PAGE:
Boost Your IQ by Choosing Your Exercise Wisely
May 15, 2008
Here‘s a sampling of what works and what doesn’t.
In 2006, Arthur Kramer of the University of Illinois used MRIs to prove that aerobic exercise builds gray and white matter in the brains of older adults. Later studies found that more aerobically fit grade-schoolers also perform better on cognitive tests.
Impact on intelligence: Strong
When weight lifters talk about getting huge, they aren‘t referring to their hippocampus. Researchers have found only the most tenuous link between heavy resistance training and improved cognitive function.
Impact on intelligence: Negligible
When facing a stressful situation or even a scary email, people often hold their breath. Yoga can break that habit.
Under pressure, "most people breathe incorrectly," says Frank Lawlis, a fellow of the American Psychological Association and author of The IQ Answer. The result: more stress and less oxygen to your brain. "So the first thing that goes is your memory."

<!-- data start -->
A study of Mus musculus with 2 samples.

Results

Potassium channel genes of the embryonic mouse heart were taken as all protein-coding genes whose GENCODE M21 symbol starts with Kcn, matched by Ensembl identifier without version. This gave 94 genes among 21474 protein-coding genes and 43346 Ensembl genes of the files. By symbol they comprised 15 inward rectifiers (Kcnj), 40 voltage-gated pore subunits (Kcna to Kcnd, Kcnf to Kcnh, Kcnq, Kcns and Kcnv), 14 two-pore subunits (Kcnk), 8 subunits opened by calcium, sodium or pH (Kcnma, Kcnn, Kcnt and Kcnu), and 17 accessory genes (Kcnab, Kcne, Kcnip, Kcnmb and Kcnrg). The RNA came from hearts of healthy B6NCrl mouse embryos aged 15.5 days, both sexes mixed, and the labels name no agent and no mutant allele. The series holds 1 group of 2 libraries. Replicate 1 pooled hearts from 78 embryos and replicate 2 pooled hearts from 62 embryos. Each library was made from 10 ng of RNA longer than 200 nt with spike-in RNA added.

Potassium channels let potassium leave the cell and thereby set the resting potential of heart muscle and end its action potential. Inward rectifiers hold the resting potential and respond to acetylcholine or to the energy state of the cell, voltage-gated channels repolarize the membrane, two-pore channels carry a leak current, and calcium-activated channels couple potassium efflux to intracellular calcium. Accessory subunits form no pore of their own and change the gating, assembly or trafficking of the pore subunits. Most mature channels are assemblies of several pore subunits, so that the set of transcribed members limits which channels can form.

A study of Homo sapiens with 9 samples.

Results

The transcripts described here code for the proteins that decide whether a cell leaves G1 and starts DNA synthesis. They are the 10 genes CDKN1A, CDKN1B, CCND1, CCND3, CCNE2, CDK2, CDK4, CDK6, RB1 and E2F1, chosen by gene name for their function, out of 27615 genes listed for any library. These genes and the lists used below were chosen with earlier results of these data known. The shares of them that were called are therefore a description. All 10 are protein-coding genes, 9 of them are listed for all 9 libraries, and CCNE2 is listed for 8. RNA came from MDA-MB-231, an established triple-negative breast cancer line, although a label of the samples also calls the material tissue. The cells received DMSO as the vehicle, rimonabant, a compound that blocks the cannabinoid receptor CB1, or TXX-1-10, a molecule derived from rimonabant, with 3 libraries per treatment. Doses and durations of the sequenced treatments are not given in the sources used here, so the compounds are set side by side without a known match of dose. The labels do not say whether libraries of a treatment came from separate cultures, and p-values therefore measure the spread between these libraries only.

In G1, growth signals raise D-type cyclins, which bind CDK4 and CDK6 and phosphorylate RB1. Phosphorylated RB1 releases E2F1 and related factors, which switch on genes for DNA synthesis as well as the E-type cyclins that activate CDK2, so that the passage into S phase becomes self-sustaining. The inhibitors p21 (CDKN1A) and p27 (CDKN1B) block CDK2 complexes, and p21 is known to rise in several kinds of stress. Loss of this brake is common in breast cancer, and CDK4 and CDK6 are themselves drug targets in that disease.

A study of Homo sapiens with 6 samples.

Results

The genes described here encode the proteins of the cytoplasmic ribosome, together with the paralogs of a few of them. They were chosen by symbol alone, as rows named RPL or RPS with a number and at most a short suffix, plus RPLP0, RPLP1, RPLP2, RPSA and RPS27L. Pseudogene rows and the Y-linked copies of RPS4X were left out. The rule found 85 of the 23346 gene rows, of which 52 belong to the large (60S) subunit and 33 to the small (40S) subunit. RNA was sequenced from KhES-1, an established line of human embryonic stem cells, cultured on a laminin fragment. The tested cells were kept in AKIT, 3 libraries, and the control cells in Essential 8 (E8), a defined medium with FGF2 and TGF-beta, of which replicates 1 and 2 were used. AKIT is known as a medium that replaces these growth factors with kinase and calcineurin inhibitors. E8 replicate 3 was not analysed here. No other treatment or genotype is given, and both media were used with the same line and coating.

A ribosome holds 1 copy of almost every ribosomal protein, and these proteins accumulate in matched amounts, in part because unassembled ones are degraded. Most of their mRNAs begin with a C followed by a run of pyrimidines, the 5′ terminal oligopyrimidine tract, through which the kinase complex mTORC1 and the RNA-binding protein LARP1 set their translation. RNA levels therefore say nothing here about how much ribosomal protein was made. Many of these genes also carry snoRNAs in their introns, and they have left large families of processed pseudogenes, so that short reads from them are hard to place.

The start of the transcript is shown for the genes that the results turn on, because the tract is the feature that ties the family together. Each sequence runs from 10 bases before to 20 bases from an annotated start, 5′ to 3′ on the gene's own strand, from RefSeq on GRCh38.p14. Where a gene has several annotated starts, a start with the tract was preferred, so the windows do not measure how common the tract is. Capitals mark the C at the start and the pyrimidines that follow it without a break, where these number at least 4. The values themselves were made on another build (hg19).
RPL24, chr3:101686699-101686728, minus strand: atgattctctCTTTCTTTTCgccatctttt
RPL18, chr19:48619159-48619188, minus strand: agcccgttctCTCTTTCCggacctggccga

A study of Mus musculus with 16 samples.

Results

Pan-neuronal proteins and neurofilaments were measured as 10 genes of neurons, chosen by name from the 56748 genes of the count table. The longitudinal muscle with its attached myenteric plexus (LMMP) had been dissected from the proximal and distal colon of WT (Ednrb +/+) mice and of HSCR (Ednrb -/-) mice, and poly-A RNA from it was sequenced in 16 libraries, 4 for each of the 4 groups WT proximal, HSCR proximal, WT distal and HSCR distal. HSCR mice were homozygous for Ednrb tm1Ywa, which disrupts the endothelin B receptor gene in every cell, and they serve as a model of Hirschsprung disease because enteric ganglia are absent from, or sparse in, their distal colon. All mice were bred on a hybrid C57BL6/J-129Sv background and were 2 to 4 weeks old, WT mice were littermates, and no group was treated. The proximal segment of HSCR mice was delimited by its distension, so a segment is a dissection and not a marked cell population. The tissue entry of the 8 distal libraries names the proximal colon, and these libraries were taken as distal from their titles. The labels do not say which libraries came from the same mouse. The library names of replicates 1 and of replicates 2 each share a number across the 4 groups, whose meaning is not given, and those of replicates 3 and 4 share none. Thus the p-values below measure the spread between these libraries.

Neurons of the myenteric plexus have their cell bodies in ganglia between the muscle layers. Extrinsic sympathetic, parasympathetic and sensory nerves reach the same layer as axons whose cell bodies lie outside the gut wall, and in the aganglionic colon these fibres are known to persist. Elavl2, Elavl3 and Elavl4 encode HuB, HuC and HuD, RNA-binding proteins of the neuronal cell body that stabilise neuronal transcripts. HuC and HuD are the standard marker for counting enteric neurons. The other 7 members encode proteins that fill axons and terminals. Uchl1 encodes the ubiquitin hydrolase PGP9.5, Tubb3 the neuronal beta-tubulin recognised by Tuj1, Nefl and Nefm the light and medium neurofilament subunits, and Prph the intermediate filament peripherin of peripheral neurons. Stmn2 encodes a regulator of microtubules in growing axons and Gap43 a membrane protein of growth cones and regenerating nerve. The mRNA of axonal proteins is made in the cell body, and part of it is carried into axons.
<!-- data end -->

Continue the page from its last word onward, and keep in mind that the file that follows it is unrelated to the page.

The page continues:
Impact on intelligence: Possibly strong
Studying on the StairMaster
A spinning class may rev up your mental muscle, but that doesn‘t mean you should study while huffing and puffing on the StairMaster.
Research shows you‘ll just confuse yourself. "It‘s like doing something while you‘re driving," says Charles Hillman, a kinesiology professor at the University of Illinois. In other words, you won‘t do either task well.
Impact on intelligence: Negligible
Other research not mentioned in this Wired article also confirms that aerobic exercise is indeed one of the best things you can do to stay mentally agile into old age.
For example, older people who exercise three or more times a week were found to have a significantly reduced risk of developing Alzheimer‘s and other types of dementia. Healthy people who reported exercising regularly had a 30 to 40 percent lower risk of dementia, but even those who devoted as little as 15 minutes to exercise, three days a week, cut their risk significantly. Even a short, brisk walk every day, the researchers said, can make a difference.
The trick about exercise is treating it like a drug that needs to be prescribed precisely so you can achieve the maximum benefit. There are a number of excellent resources out there for exercise; you can review mine, or search online or in your book store for further resources.